There’s a lot of positive buzz today about an inexpensive saliva test for SARS-Cov-2 developed by researchers at the Yale School of Public with funding from National Basketball Association and the league’s players association.
The test, which the Yale researchers have dubbed SalivaDirect, was given an emergency use authorization (not a full-fledged approval but a green light, nonetheless) by the FDA yesterday.
“This could be one [of] the first major game changers in fighting the epidemic,” tweeted Andy Slavitt, a former CMS administrator in the Obama administration who has had a major presence on Twitter during the COVID-19.
The test uses a readily available enzyme, proteinase K, and heat to make SARS-CoV-2 RNA detectable in a saliva sample instead of using kits to extract the RNA in multistep process that is time-consuming and adds expense.
"We use proteinase K and heat to essentially break open the SARS-CoV-2 virus particles to release the genetic material, so that if present we can detect it with the PCR test," Chantal B.F. Vogels, one of the Yale researchers, said in an email to Managed Healthcare Executive® today.
“Being able to perform a test without these kits enhances the capacity for increased testing, while reducing the strain on available resources,” the FDA said its announcement yesterday about the emergency use authorization.
The Yale researcher say on their COVID-19 website, Covidtrackerct.com, that their SalivaDirect is a protocol — not a kit — that “we can allow authorized labs to use with reagents that can be purchased for very cheap.” Moreover, they say the protocol is free for use by CLIA-certified labs. The Yale group, headed by Nathan Grubaugh, say they will issue licenses free to for-profit companies but will want to negotiate how much the for-profit companies charge.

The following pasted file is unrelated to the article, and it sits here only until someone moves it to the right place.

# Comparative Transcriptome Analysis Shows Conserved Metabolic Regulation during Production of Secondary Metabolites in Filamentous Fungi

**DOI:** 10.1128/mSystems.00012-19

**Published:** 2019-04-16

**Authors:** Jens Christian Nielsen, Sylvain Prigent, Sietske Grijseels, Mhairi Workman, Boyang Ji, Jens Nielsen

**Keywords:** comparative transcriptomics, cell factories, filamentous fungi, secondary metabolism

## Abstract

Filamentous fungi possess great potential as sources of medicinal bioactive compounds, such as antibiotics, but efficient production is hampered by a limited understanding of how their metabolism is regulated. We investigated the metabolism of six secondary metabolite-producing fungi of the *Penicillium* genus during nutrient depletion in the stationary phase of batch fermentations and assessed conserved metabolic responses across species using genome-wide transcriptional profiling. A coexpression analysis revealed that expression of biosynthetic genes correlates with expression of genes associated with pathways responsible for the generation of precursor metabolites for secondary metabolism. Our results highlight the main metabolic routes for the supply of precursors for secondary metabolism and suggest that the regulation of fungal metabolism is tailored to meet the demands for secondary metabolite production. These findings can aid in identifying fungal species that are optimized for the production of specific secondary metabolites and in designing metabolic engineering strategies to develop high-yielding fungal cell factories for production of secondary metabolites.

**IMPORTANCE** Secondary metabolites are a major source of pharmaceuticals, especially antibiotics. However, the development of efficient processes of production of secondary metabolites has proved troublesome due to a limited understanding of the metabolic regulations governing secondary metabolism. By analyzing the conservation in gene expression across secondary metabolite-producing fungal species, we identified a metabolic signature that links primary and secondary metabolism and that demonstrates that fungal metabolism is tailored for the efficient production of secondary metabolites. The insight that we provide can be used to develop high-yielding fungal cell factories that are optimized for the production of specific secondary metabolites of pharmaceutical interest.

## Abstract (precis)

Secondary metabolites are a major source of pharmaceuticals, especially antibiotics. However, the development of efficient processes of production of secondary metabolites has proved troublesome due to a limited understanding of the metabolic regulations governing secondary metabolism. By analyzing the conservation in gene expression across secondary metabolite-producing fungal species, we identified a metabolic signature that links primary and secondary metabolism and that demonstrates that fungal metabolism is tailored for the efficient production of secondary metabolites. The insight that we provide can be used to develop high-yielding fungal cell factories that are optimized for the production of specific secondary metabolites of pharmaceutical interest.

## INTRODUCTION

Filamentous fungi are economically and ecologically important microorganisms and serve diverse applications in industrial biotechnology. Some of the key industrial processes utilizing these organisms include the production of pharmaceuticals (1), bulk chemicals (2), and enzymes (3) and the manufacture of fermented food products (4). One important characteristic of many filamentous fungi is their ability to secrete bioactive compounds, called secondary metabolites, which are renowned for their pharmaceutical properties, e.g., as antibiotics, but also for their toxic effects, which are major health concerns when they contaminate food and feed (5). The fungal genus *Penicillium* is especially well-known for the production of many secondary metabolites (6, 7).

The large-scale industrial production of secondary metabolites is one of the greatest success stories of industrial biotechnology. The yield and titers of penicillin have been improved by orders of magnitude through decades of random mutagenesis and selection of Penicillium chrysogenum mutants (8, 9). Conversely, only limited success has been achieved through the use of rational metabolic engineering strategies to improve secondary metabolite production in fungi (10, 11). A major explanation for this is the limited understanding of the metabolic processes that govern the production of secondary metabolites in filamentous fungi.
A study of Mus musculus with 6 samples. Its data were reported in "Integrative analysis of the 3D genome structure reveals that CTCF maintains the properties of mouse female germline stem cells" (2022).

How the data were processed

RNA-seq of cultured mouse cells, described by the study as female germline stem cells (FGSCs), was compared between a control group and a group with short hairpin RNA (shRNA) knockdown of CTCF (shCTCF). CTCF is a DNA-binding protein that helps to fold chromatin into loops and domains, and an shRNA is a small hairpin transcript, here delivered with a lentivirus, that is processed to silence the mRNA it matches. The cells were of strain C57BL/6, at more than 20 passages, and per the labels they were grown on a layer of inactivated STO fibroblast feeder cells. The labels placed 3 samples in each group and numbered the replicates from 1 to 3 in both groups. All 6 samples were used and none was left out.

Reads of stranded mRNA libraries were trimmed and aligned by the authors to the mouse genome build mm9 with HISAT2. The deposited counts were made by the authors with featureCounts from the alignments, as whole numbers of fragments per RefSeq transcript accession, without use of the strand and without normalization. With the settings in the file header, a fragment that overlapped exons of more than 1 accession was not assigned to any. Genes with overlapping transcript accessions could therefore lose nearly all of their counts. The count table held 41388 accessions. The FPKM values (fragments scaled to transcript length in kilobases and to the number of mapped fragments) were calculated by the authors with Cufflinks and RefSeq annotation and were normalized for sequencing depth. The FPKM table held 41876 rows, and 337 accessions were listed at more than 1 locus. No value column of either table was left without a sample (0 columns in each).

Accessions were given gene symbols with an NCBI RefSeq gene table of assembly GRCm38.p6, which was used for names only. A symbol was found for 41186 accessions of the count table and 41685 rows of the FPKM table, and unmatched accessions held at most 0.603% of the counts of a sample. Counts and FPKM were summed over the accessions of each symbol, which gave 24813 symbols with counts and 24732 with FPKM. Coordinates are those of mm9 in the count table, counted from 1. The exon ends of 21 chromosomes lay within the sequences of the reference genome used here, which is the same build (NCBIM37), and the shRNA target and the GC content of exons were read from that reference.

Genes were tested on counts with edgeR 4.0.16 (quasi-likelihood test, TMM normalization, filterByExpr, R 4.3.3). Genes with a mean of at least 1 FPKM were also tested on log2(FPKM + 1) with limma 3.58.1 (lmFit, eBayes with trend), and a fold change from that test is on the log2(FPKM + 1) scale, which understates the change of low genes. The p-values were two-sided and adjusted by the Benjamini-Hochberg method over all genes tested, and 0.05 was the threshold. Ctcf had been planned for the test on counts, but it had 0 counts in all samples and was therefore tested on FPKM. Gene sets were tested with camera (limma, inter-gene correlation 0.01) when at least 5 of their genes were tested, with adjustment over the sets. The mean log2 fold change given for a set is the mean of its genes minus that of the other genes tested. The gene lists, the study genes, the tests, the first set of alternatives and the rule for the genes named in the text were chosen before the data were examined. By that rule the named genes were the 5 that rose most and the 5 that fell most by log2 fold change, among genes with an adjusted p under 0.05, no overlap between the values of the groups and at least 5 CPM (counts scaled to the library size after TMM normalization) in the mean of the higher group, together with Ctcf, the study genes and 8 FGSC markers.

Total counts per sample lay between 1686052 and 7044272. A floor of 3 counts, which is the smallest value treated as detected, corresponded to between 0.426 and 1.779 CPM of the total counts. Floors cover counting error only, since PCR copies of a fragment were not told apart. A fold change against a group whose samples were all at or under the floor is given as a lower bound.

In a paper posted August 4 on Medrxiv, the preprint publishing platform of research before it has been peer reviewed that has become popular during the pandemic, the Yale researchers put the cost of their test at between $1.29 and $4.37. Once lab fees and overhead are added, it might rise to roughly $10 a test.
“At a $10 test, you can test every day or every couple of days. This is even more important than accuracy,” tweeted Slavitt, noting also that widespread, inexpensive testing of asymptomatic people will be important to universities and people working in office buildings.
In the Medrxiv paper, Yale researchers compared their SalivaDirect test and with a ThermoFisher test of nasopharyngeal samples. Their test detected virus in 32 of the 34 cases (94%) that the ThermoFisher test detected virus.
"SalivaDirect has a high sensitivity," Vogels said in her email. "However, if a sample is very weakly positive (for instance a patient who is recovering) then we might miss some of these."
The Yale researchers also said their data show that SARS-CoV-2 RNA is stable without preservatives added to the saliva for at least seven days when stored at temperatures up to 86˚F. They also reported that their results didn’t materially change when they used proteinase K from three different vendors. However, their tests of different PCR kits did show differences, with some detecting the virus at lower levels than others, and they cautioned in the Medrxiv paper that not all PCR kits may be suitable for use with their saliva-based protocol.
ESPN reported yesterday that the NBA and the players' association contributed $500,000 to the Yale work.
The Yale researchers say they are currently enrolling NBA players and staff in a study designed to compare their saliva test with a conventional test that depends nasopharyngeal samples. Results from SWISH (Surveillance With Improved Screening and Health) should be available later this month, according to the website.